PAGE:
Knowing You Excerpt
“I don’t know what I was thinking letting you plan our date," Garret says. "You probably would’ve picked that taco stand for dinner if I let you.”
“Nah. Probably the burger joint by the dry cleaners.”
“That place is just as disgusting. Well, that confirms it. I’ll be planning the dates from here on out.”
“I still haven’t agreed to go out with you again.”
He nudges my foot under the table and smiles. “You will.”
Our food arrives. Just as we start to eat, a mariachi band stops by our table singing some type of love song. It makes me laugh, not just because of the song but because they’re not very good. The main singer is way off key. I try to hide my laughter because the guy is really trying hard.
Garret sees me struggling. He sets his fork down, then reaches over and holds the hand I’m not eating with and gazes into my eyes. The mariachi guys notice and assume their music has caused Garret’s romantic gesture. The bad singer nods at Garret and gets a huge grin on his face, singing even louder.
I’m practically in tears trying to keep from laughing. I give Garret a look to cut it out, but he’s enjoying this way too much. He picks my hand up and kisses it.
Finally, the song ends. Garret takes some money from his wallet and gives it the guy.
“Muchas gracias,” the singer says. He points to me. “Beautiful girl. You two are a lovely couple.”
“We are, aren’t we?” Garret says, smiling at me, then back at the singer.
“You two get married some day. I sing at your wedding.” He reaches in his pocket and pulls out a business card.
“Thank you.” Garret takes the card, then looks at me. “Jade, he could sing at our wedding. Wouldn’t that be great?”
I kick his foot under the table. “Um, yeah. Great.” I turn to the singer. “Thanks again. It was very nice music.”
The guy nods and moves on to another table. Garret releases my hand and goes back to eating like the whole scene didn’t even happen.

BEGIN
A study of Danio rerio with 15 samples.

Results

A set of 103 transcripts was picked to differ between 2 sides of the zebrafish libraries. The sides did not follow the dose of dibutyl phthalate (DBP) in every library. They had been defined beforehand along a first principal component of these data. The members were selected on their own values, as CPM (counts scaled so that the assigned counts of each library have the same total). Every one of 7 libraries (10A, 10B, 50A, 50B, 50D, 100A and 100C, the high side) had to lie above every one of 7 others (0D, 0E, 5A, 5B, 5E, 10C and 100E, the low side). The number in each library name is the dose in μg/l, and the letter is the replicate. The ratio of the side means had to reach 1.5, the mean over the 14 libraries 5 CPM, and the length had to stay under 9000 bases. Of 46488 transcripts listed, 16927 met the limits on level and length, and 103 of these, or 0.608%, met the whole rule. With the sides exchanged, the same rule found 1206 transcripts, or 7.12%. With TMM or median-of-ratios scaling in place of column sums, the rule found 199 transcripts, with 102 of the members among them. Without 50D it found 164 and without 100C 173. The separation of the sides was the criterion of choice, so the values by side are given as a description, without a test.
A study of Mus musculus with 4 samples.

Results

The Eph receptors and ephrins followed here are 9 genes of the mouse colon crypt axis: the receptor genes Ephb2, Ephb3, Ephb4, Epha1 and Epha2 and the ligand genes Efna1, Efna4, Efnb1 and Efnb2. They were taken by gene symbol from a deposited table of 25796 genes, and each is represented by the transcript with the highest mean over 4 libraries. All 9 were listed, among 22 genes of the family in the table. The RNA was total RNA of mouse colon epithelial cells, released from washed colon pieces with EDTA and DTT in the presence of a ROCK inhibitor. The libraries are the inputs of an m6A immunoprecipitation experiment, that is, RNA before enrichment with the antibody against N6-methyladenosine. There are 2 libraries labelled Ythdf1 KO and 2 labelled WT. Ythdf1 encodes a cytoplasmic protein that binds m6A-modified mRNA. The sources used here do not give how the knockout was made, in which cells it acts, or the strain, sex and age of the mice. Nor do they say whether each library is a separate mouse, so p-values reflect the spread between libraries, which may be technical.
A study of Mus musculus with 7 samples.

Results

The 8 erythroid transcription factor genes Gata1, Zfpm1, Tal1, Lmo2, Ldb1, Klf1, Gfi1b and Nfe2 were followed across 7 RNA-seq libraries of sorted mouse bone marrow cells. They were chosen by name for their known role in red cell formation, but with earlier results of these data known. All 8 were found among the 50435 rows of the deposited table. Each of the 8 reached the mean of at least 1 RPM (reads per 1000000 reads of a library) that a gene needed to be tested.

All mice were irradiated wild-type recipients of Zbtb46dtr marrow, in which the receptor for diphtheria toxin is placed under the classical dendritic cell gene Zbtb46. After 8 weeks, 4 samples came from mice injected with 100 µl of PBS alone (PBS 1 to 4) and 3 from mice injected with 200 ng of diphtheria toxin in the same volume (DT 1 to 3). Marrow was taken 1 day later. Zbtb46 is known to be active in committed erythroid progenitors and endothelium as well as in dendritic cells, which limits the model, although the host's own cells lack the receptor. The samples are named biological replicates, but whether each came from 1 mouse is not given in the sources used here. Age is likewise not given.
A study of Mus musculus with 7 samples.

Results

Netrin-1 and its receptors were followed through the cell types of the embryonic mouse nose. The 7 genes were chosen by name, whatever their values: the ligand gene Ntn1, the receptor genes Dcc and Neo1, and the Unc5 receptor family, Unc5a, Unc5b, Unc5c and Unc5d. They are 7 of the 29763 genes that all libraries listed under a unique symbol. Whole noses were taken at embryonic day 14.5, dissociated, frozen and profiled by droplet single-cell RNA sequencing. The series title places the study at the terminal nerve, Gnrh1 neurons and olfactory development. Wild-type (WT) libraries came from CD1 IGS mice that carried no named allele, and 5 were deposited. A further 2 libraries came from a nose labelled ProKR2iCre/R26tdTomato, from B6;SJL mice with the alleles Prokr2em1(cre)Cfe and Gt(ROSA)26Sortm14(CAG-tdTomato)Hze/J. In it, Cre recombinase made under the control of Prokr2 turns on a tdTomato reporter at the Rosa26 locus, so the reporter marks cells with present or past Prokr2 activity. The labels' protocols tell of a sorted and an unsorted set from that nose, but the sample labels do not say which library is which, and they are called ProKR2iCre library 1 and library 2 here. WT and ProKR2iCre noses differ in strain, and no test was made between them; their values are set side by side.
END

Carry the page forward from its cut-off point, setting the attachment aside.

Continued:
“Did you have to do that?” I ask him. “You knew I was dying over here. They would’ve left if you hadn’t started that hand holding crap.”
He shrugs. “I didn’t want them to leave. I was enjoying it.”
“They were horrible! That guy was way off key.” I take a bite of my taco.
“He did better than I would do. I didn’t think he was that bad. And you must’ve liked him at least a little. You agreed to let him sing at our wedding.”
I almost choke when he says it. I take a big gulp of my soda. He continues to eat as if his wedding comment is perfectly normal and expected. “We’re on a first date here, Garret. I think it’s a little early to plan a wedding.”
“I guess. Then maybe he could sing at our graduation party.”
“Four years from now, I don’t think he’ll still be employed as a singer.”
I hear the guy belting out a new song at a table on the other side of the restaurant. He’s so horrible. Now that they’re gone, I’m finally able to laugh.
Garret shakes his head, but he’s laughing, too. “You’re so mean. At least he’s trying.”
“I’m sorry. I can’t help it. He’s just so bad.”
For the rest of dinner, I keep thinking about Garret’s wedding comment. He couldn’t possibly be even the tiniest bit serious. We’ve only known each other a few months and we technically weren’t even dating during those months.
He was probably just making a joke. But still, hearing Garret even mention the idea of marrying me makes those annoying butterflies that have now taken up permanent residence in my stomach flutter with happiness. Which only makes me wonder what this boy is doing to me.
I’m Jade, the sarcastic, independent, smart ass who has no interest in marriage or weddings or rings or any of that stuff.
And yet my stupid heart skips a stupid beat when that stupid boy tosses out the idea that someday he might marry me.